Covid policy change
On the one hand, reopening would be synonymous with a spike in death toll and a serious strain on ICU capacities, according to a study published in Nature. Indeed, the Omicron variant presents a mortality comparable to previous waves for non-vaccinated people. In China, the vaccination rate of vulnerable populations is insufficient (less than 70% of older than 60 have received booster shots, and just 40% for 80+), and acquired immunity is non-existent (given low overall infection rate). In addition, the health system is not prepared for the influx of severe cases and the Chinese population is not particularly young or healthy. The example of Hong Kong at the start of 2022, when the death toll spiked, is on everyone's mind.
On the other hand, further lockdowns would aggravate the economic cost. In November, more than half of China’s GDP saw an acceleration in the number of Covid-19 cases, which induced a -11% y/y decline in mobility during the month. These numbers compare with 20% of GDP and -7% y/y in mobility in March-April, the previous serious wave of infections and lockdowns. Ongoing protests also suggest that at least some parts of the population are not ready to go through severe restrictions again. We think that the protests are likely to subside in the coming weeks, as a result of enforced controls from authorities and possible inflections in the sanitary policy.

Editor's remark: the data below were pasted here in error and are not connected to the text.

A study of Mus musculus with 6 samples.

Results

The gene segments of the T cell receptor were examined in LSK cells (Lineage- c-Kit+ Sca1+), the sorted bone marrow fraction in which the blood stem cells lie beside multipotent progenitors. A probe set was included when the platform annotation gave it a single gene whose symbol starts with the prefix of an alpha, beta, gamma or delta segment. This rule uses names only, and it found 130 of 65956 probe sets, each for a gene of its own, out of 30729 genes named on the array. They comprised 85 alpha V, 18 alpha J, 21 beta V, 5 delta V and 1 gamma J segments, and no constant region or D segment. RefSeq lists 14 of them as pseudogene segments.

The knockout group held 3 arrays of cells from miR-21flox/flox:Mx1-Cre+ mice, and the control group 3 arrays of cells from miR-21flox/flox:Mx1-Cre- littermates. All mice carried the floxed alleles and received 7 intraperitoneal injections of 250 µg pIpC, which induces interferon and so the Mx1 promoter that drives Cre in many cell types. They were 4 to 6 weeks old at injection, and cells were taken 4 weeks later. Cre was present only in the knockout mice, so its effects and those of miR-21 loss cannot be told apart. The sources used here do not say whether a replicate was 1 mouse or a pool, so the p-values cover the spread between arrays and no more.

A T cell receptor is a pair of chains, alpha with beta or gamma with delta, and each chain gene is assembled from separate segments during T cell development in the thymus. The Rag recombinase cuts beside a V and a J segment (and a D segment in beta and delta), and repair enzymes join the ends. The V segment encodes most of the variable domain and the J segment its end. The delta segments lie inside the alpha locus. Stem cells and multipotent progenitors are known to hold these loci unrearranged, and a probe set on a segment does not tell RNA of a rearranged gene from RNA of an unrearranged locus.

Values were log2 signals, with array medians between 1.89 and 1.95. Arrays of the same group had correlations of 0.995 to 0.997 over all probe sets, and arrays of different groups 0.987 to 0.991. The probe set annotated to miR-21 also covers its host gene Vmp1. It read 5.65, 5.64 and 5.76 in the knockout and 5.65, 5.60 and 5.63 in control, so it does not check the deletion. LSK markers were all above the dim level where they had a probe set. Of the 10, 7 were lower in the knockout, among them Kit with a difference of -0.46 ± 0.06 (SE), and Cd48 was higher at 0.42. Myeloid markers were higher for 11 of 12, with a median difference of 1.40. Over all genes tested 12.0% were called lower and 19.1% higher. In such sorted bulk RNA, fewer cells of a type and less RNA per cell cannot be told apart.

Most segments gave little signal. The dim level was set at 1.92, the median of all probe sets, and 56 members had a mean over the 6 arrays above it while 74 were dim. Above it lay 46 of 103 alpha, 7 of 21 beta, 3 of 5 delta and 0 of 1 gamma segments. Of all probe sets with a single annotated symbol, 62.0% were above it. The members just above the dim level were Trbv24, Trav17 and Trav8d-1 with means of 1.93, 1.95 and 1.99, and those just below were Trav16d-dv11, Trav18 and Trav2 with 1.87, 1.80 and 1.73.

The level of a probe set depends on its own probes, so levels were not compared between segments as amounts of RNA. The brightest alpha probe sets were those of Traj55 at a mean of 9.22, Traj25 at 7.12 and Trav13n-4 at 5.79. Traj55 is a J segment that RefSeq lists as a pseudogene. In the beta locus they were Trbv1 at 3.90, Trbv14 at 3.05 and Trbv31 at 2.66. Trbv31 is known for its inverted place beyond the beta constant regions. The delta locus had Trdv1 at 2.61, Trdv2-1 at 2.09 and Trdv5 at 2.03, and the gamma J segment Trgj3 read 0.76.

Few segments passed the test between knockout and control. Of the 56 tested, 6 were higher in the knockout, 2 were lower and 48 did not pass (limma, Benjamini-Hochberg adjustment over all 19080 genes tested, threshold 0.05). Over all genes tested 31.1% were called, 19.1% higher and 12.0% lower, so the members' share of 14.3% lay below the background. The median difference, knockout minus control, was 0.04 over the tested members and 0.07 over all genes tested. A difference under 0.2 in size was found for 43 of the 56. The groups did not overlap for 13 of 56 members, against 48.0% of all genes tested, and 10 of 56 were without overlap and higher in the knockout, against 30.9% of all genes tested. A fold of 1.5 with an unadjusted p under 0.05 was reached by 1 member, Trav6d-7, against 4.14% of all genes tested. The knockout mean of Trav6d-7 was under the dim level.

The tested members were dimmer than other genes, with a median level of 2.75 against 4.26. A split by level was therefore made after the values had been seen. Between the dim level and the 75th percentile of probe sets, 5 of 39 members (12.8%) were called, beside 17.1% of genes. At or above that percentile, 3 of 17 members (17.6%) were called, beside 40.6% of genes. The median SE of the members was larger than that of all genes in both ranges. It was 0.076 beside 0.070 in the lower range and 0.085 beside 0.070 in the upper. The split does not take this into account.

Chinese policymakers will probably double down on efforts and incentives to vaccinate vulnerable populations. As soon as on 29 November, the National Health Commission announced a plan to accelerate the inoculation of elderly people. Another measure could be to selectively reopen cities with high vaccination rates, or for people who have received three doses of vaccines. Some cities (including Guangzhou and Beijing) have already begun to ease restrictions (reducing PCR testing, allowing home quarantine, etc), despite a high number of new cases every day.
Influence on other countries
What are the consequences for the rest of the world? In recent months, the Chinese economic deceleration, against the backdrop of an unprecedented real estate crisis, has contributed to deflating prices. In the short term, the Chinese consumer will not save the world as in the past, but will not create additional inflation either. In 2023, the stimulus measures should help stabilize demand, but what will really be a game-changer will be the abandonment of the zero-Covid policy. After a few more quarters of difficulties, the rest of the world could benefit from a full return of the Chinese consumer in 2024.